Saturday, 8 March 2014

Justice League Vol. 2: Villain's Journey (The New 52)


Justice League Vol. 2: Villain’s Journey (The New 52)

When face with a threat, The Flash makes
stupid faces!
Writer: Geoff Johns

Artists: Jim Lee and Scott Williams

Collects: Justice League  #7-12

Background Information:

It’s the fourth and final in our Geoff Johns week!

The last volume of Justice League saw the league form no so much out of a desire for justice, but in order to stop the public from hating them. For those not in the know, this iteration of the team consists of Batman, Superman, Wonder Woman, Green Lantern, The Flash, Aquaman and Cyborg. Last time we saw them, they took on the galactic evil-dude known as Darkseid and won, earning the world’s trust, even though they don’t really trust each other.

Review:

The last volume, Origin, was fun, but in the end, it was mostly popcorn-munching stuff. Hardly a deep story, I compared it pretty heavily to Marvel’s Avengers film back from 2012. In Villain’s Jorney, Geoff Johns offers much of the same, but unfortunately, as readers, we’re ready for something meatier.

By now, the Justice League is adored by the whole world. There are many civilians calling for them to lead the US government. They believe that the League could put on a united front and fix every political problem in the world. The League, however, are at best overvalued in reality. They still do not trust each other, even though they work together better than they used to. And they haven’t yet become actual good guys. And now, a man by the name of David Graves is out to show the world just how unheroic these heroes really are.

I’m pretty sure every superhero franchise ever created has had a story like this. I can think of two Batman movies and a Spider-Man videogame that have had the “make the public hate the hero” storyline. The difference here, though, is that Graves isn’t trying to lie to the public; the league are not yet united and they aren’t able to fix everything.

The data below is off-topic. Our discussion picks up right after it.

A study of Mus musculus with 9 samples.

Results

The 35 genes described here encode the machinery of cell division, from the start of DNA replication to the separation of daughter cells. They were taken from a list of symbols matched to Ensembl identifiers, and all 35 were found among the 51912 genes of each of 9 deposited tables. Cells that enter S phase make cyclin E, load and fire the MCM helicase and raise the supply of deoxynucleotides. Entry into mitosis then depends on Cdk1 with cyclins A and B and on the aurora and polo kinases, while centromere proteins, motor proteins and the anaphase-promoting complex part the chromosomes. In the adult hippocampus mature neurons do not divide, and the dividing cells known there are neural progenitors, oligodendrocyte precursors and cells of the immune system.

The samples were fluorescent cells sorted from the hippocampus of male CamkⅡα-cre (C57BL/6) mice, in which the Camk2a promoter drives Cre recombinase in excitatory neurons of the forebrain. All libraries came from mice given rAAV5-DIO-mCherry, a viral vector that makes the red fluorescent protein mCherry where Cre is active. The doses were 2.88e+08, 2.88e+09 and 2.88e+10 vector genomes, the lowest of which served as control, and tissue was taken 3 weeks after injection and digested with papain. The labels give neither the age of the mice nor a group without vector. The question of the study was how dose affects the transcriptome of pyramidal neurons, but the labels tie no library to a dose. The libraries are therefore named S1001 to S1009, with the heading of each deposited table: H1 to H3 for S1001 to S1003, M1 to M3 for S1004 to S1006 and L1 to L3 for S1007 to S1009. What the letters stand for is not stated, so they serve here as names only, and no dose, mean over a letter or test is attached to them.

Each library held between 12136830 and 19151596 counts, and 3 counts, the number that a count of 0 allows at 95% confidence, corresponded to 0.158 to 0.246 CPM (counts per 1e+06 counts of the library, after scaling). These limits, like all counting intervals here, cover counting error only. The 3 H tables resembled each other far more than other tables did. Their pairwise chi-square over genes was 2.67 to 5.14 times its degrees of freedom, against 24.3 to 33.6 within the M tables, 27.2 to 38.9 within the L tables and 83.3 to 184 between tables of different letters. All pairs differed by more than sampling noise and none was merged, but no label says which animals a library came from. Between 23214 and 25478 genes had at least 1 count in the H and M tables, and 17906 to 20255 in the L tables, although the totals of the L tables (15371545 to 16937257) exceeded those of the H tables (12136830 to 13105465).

It sounds like the story is going to offer plenty of depth, but don’t be fooled. This is another fairly shallow plot in reality. That was fine in a book like Origin, where we were just getting used to the team and were probably more interested in what the team was capable of than in complex storytelling, but the status quo in Justice League has already been established. Johns should have offered something a little deeper for this second story, and as such, the whole book feels pretty dismissible.

And that’s even considering the Wonder Woman/Superman kiss at the end of the trade (I’d give a spoiler warning, but it was advertised like crazy when it happened- that isn’t a spoiler). I’m not too concerned that there was little substance given to the moment- even though Superman and Wonder Woman barely exchange a word before they meet on the rooftop and then make out. I’m not even that keen on a Wonder Woman/Batman relationship. To me, the only person in the DCU that could be considered “Alpha Male” enough for Wonder Woman would be Superman, so the relationship makes perfect sense. But that’s the part that bothered me. There was nothing that seemed adventurous about the kiss; nothing that seemed like it would be a defining moment because I’m pretty convinced most new reads thought it was happening anyway. As such, it’s hard to really care about the kiss at all. I was actually more interested in what happened to Green Lantern at the end of this collection.

The art is just as good here. Jim Lee now shares writing duties with Scott Williams, but honestly, I couldn’t see any drop in quality. There are all of those trademark “big moments” that the last volume did so well. It’s great to look at and Johns gives Lee and Williams plenty of awesome things to draw.

By the time you start reading Villains Journey, you realise that you are done with stories of this calibre. The third volume in this series is supposed to be spectacular, but this one only gets three out of five over-advertised kisses.

 ***

+ Story is a clever idea

+ Art is still really good

- It’s still too shallow- we need depth by the second volume

Alternate Option: Teen Titans: Its our Right to Fight

Okay, so it’s hard to really recommend this, but if you want another team book, this one also has some big-name heroes. They’re just younger.